This is Very Bad News. An open internet is vital to scholarship, education, and free exchange of ideas. Access to science, to data, to open resources, to diverse voices, to new services and platforms, and on and on—it all routes through your broadband provider. I have been following this issue for years, and I’ve long known about the digital divide and the uncompetitive hellscape that is broadband provision in this country, but it really hit home when I moved to Charlottesville. Many of my colleagues, coworkers, friends, and the students, staff, and community around this university live in places served by only one provider of true broadband internet. In fact, many colleagues live in places with no real access to reliable high-speed internet access.
That total lack of competition leaves all of us at the mercies of the companies who serve our neighborhoods. If I don’t like their service, or the terms on which they provide it, there is literally nowhere else to turn. When we all depend on this portal for access to information, education, government services, and on and on, it is deeply irresponsible to leave those carriers completely free of any responsibility to provide unbiased service.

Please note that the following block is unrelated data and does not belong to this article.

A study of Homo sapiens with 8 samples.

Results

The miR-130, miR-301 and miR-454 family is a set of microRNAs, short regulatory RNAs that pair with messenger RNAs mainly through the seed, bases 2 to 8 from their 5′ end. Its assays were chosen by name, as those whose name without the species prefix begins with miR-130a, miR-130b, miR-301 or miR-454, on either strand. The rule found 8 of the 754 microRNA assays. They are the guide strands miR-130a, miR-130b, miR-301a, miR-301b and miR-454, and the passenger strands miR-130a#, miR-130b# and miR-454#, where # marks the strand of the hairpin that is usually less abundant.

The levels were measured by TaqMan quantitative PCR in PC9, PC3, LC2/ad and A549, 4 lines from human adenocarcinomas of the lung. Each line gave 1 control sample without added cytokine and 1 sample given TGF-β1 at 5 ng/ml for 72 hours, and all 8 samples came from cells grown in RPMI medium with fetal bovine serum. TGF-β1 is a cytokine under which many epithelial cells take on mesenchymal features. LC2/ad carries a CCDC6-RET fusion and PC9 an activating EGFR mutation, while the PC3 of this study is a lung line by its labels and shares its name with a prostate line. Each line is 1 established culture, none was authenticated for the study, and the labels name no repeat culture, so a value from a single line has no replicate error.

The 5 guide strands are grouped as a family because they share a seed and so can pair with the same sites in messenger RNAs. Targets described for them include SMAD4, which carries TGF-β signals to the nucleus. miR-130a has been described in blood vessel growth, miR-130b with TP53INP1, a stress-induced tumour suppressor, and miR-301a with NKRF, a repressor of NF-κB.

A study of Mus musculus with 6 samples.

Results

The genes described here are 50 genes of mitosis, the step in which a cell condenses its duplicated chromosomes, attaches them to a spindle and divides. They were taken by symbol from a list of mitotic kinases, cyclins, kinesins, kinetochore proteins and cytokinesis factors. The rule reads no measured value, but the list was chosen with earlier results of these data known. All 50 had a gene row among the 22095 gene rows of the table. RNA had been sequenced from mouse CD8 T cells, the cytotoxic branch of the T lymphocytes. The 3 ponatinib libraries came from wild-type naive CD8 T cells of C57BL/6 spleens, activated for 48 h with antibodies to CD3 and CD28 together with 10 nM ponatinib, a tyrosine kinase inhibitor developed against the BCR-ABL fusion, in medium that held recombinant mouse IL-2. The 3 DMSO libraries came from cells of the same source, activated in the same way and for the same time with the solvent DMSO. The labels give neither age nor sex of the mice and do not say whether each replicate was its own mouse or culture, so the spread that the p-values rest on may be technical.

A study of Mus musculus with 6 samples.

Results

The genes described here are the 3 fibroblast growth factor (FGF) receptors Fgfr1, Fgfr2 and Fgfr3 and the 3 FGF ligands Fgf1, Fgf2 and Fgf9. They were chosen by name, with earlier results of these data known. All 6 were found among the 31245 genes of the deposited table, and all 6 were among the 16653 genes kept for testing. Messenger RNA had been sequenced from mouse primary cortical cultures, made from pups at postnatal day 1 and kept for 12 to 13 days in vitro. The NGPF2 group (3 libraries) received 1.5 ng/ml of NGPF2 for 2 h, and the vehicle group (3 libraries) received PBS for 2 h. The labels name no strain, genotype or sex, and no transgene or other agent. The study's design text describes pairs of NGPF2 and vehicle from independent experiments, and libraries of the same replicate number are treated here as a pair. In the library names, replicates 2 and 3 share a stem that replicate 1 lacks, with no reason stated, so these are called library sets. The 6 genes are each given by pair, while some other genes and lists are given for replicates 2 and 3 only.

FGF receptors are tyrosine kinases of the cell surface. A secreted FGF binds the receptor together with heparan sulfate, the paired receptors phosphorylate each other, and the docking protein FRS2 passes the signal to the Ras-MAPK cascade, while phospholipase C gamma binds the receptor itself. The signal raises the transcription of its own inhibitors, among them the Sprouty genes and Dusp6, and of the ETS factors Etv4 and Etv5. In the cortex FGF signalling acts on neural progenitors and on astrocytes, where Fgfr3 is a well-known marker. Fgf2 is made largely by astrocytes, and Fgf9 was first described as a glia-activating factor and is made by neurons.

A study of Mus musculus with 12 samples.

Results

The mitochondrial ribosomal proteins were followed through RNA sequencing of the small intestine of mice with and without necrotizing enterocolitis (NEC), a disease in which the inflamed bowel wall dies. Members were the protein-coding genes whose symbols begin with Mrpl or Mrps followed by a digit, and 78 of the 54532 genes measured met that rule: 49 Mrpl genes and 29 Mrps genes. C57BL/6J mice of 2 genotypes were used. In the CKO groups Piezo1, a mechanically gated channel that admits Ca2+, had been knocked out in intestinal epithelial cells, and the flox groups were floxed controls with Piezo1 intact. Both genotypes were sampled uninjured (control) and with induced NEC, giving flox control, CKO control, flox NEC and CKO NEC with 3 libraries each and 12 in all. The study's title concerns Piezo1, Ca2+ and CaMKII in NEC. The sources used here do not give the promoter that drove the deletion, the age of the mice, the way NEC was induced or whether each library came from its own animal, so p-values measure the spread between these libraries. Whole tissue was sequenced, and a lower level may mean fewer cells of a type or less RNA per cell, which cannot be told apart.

As former FCC Chairman Tom Wheeler said, in response to this announcement, “If you like your cable company, you’re going to love these new rules.”
For more information about how net neutrality effects science, check out PLOS’s statement on the issue. Free Press is a non-profit organization that has been at the forefront of this issue, and they have a useful landing page about today’s change. If this has you rattled, they have some useful suggestions for ways to take action.
N.B. This post marks a slight change in format for the Taper blog: I’m hoping to blog more frequently with short posts like this one, linking to news developments and providing a little context for readers in the UVA and copyrlght/scholcomm/info-policy world. Thanks to Doug Chestnut at UVA for setting up the bookmarklet functionality for this Jekyll-powered blog, and to Panayotis Vryonis for developing the underlying tool.